Volume III, Number 2 Front Page

Obama's Advice

Amanda Hinkle

      On September 16, Senator Barack Obama came to campus to speak at Boston College's second annual Freshman Convocation. The junior senator from Illinois was an impressive speaker who discussed the issues of empathy, diversity, learning from the people around you, and achieving your dreams.

      Senator Obama was asked to come to Boston College to speak to the freshman class about his autobiography, Dreams From My Father. His message not only reached the Class of '09, but Obama filled the allotted seats in Conte Forum, leaving some people standing in order to see and hear the renowned Senator.

      It has been nearly two weeks since his speech, and the students of Boston College should ask themselves whether they have heeded the Senator's advice. Obama warned freshmen that, "everyone walks into college with blind spots," and that there are many things about the world that an entering freshman has yet to discover. During the questioning after his speech, Obama suggested that everyone "try to speak every week to someone who doesn't look like you."

      Senator Obama's advice is especially insightful because of his fascinating background. The son of a Kenyan father and a white American mother, Obama grew up in Hawaii and Indonesia. He "had to forge an identity out of all these different pieces of the world." Rather than viewing his background as a disadvantage, Obama realizes that the diversity of events and people he met in his life have made him the man he is today. He reminded us that "diversity is powerful because it ends up being an engine to excellence."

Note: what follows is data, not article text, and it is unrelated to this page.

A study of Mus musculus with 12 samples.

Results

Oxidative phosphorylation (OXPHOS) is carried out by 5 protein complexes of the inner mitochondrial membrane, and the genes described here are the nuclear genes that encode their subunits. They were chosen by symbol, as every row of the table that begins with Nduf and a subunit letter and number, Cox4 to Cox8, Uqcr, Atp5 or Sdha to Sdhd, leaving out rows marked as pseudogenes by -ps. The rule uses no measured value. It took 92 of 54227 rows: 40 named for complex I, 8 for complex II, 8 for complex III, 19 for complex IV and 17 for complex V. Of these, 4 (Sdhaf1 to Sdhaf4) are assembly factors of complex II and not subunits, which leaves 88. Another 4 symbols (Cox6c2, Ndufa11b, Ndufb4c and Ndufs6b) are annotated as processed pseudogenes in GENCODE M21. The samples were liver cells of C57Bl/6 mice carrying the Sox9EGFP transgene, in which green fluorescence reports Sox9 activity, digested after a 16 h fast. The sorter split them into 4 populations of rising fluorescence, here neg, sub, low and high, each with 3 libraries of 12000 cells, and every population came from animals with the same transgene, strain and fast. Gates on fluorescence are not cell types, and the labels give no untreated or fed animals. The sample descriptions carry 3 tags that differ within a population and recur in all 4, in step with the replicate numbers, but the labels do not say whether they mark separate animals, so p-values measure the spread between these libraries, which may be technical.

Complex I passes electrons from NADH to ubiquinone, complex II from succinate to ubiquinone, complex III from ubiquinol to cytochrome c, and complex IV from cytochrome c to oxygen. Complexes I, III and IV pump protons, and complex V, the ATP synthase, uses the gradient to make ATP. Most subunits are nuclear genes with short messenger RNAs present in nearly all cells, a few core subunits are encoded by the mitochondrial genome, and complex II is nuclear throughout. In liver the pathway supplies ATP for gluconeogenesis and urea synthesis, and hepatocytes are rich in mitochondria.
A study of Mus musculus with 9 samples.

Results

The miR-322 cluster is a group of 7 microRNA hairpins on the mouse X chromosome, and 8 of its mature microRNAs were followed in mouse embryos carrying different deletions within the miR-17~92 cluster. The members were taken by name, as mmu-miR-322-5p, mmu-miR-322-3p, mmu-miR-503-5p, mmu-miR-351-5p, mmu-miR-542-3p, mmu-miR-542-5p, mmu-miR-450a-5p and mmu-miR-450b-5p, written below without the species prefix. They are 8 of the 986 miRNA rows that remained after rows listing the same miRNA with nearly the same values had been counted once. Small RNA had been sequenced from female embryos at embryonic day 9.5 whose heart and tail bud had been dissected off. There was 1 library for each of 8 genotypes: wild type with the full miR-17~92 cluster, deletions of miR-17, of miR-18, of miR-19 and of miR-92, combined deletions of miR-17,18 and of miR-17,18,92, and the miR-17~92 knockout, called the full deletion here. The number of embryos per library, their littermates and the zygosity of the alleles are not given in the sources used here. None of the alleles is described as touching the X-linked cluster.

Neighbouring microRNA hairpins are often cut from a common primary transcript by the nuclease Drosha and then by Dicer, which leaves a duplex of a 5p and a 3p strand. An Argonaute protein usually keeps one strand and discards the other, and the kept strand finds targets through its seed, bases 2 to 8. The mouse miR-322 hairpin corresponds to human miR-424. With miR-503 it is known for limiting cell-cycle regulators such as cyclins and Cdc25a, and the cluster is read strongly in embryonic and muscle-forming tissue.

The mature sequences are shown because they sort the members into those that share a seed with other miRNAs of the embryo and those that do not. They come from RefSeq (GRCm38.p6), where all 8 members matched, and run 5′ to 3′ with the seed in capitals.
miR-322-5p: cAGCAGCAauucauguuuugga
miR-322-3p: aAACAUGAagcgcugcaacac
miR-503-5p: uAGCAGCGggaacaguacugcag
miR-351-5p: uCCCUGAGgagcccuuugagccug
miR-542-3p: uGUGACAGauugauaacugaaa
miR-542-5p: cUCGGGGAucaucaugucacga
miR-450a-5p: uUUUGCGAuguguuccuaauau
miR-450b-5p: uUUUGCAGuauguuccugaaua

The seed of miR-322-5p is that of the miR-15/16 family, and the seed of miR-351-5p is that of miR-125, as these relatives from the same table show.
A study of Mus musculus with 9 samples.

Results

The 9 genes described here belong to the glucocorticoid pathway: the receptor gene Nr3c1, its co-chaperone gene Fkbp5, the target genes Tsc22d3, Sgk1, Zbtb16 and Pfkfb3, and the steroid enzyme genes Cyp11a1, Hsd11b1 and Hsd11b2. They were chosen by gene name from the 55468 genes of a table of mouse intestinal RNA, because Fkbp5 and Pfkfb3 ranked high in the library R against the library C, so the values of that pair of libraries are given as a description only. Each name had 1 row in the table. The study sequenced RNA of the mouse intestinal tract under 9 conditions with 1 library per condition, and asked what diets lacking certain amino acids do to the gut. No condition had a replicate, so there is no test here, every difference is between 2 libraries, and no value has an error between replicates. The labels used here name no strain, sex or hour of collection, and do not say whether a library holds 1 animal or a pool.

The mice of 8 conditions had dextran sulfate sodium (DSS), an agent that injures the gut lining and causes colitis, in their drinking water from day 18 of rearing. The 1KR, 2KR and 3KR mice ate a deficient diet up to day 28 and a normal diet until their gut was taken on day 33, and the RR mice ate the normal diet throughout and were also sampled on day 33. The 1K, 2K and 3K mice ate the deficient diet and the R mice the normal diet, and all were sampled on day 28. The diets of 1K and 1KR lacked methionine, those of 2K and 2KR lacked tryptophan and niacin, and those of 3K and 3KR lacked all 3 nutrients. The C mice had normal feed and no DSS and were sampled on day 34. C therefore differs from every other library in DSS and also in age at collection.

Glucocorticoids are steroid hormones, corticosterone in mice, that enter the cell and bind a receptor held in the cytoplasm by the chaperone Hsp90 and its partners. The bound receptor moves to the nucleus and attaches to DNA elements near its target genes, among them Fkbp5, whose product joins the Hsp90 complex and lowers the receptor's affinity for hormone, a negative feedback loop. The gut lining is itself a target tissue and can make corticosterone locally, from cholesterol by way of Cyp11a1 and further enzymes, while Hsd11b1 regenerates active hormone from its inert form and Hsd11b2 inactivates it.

Senator Obama said that at the "heart of the problem in our nation is an empathy deficit." He explained that empathy needs to be more evident in our government and in our lives. He spoke about seeing through other people's eyes and standing in their shoes in order to better understand one another.

      Obama suggested that students recognize that "you can't be significant by yourself." He explained, "Without nameless, faceless folks [supporting him], there is no Martin Luther King…the way things happen in this country is that ordinary people do extraordinary things."